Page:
1funnelcakeDuring my time at the recent Forrester Forum For Marketing Leaders, I overheard the “f” word quite a bit. No, not that one. The one that’s described the traditional buying journey in B2B marketing for more than a century: Funnel.

These days, it seems like everyone has a different take on the tried-and-true funnel-style approach to lead generation.

Some marketers are talking about flipping the funnel.

Some are talking about “microfunnels.”

During a presentation on contextual engagement at the Forrester event, GoDaddy CMO Phil Bienert used the term to describe hundreds of unique buying journeys for specific, highly segmented prospects. The idea came about when the company realized many of its small and mid-sized business users had vastly different interests: Some wanted information and products to help scale their business; some were content simply to maintain the status quo.

In a separate B2B-focused presentation at the event, Forrester VP and Principal Analyst Lori Wizdo suggested re-thinking the funnel model altogether. Rather than inverted pyramid, think funnel cake.


That means B2B marketers should shift their focus away from campaigns that simply hand leads to sales.

“Instead of the funnel, marketers should think of the buying journey in terms of the customer life cycle,” she described in an interview with Demand Gen Report.  In today’s customer-centric marketing world, Wizdo said the traditional funnel fails in three key ways:

  1. It promotes a numbers game theory of sales and marketing.Marketers tend to think the more leads you put into the top of the funnel, the more deals that will come out. However, there’s a danger in overemphasizing volume at the top of the funnel, because in practice, the funnel is not a high-performance engine, Wizdo said. “When we recently surveyed B2B marketers about the conversion ratios in their lead funnels, respondents on average cited an end-to-end conversion ratio of 0.75% — less than 1%,” she said.
  2. It’s a passive model. The lead funnel is devoid of process, she explained, “as if there were a natural phenomenon (gravity?) that controlled the physics of the funnel.” Instead, she suggested B2B marketers “build an active engagement strategy that helps to accelerate a buyer on their path to a decision.”
  3. It masks attribution complexities. “With its inherent focus on lead volume, the funnel overemphasizes ‘first touch’ or ‘initial source’ in attribution,” she added. Buyers of business technology products report that more than 28 vehicles have an impact on their buying decisions. However, “lead-to-revenue marketers can no longer shy away from the difficult challenge of attribution, because the ‘peanut butter allocation method’ cannot effectively spread the marketing budget across an ever-increasing set of vehicles.”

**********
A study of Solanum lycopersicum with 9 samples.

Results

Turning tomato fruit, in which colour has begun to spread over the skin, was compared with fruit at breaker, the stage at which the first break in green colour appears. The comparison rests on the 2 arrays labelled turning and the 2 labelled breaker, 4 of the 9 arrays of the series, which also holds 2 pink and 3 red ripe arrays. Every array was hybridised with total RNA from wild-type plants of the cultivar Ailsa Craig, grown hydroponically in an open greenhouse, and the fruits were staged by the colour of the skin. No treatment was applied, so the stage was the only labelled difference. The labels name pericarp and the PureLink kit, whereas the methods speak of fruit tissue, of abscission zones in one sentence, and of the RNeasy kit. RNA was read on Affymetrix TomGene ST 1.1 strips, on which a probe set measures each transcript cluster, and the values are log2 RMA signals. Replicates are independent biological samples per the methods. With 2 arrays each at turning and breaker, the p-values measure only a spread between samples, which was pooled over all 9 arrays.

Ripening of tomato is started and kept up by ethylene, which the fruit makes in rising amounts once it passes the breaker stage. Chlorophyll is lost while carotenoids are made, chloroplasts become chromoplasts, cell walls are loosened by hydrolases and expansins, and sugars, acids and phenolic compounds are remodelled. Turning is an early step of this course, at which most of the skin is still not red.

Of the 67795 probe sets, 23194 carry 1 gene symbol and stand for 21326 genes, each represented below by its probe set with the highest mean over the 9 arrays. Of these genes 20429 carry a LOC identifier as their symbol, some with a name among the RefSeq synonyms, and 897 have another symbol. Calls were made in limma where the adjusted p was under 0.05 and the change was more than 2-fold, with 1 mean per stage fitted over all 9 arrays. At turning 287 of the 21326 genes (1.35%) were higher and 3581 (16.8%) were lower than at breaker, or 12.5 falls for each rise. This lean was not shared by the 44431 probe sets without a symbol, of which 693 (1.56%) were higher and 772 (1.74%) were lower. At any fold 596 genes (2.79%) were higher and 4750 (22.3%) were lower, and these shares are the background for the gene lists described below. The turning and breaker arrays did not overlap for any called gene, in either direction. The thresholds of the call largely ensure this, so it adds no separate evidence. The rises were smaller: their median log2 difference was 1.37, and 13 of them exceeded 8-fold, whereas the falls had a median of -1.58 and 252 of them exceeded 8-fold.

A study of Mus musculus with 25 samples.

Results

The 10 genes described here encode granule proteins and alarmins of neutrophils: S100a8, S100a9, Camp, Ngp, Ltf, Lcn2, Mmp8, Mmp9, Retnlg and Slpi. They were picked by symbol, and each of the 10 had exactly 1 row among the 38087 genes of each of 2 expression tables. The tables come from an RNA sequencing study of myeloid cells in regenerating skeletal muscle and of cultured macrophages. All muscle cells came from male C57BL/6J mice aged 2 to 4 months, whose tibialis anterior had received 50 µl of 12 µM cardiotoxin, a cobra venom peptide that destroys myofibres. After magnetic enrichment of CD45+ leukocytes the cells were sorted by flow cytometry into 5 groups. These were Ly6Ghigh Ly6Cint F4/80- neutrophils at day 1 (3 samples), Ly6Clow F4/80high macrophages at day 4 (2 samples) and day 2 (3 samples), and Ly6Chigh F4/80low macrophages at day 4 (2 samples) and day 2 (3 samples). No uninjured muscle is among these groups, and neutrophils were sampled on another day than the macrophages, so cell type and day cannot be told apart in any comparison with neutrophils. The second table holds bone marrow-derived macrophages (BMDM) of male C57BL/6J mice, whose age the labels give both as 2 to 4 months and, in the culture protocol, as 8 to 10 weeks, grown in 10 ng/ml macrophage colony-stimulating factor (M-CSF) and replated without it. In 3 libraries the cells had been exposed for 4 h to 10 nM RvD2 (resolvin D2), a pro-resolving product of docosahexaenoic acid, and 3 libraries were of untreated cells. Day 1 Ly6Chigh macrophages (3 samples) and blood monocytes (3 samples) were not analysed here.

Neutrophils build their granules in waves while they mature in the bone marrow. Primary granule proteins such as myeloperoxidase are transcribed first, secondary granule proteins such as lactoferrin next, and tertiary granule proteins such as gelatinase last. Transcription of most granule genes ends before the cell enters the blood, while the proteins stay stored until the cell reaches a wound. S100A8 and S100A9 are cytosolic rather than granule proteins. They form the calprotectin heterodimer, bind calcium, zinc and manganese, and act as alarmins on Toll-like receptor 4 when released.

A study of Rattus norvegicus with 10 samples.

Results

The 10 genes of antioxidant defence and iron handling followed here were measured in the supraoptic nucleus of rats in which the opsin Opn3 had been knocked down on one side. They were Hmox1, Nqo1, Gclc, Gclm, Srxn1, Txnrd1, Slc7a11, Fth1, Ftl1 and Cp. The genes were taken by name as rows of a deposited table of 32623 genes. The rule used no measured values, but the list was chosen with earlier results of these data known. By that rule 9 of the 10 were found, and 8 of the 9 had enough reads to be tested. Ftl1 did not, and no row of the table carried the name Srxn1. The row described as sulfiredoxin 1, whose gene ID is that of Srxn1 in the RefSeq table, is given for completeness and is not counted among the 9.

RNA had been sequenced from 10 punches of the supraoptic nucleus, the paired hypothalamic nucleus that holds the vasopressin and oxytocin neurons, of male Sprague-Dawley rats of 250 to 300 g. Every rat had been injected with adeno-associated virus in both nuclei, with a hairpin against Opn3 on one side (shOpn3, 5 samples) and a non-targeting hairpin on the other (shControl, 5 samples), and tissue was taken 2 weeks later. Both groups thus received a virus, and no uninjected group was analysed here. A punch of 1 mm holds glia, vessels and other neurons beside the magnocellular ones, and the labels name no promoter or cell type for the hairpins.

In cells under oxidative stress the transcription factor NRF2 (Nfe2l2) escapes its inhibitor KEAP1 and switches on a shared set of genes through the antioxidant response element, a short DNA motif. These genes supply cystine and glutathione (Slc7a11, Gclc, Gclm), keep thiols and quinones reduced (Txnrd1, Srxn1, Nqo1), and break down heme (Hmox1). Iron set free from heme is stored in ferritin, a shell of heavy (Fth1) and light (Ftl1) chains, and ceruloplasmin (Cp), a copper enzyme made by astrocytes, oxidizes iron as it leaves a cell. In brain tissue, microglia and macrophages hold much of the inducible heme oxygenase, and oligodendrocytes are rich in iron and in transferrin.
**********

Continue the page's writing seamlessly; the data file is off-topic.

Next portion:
Instead of focusing on the funnel, Wizdo believes marketers should concentrate on the customer. Who is it? And more importantly: What does she need? This is where developing detailed buyer personas, as in the GoDaddy example above, is crucial. Here Wizdo has advice, as well: “B2B marketers use personas to understand their buyers’ priorities and motivations. Most do a good job of that. Where many fall short is in defining how the value propositions of the company and its products and services are relevant to the buyer.”

In other words, it’s not about what buyers can do for you; it’s about what you can do for buyers.

It’s not a unique concept in the B2B marketing world, but what’s new is it’s being applied at all stages of the sales process. (Dare I say funnel?) Thanks to today’s proliferation of data, marketers can identify prospects and deliver highly relevant content at first touch. Plus, marketers can pinpoint the prospects that are most likely to actually complete a purchase. This in turn allows them to “better allocate market spending and sales efforts on audiences that best match these patterns,” Wizdo noted. In other words, the approach can potentially save big bucks.

That’s why she calls the process “lead-to-revenue management.”

It’s not quite as tasty a term as funnel cake, but it may be a pretty accurate description of today’s marketing and sales cycle.

What do you think? Are you a fan of the funnel? How would you describe today’s buying journey? Let us know below.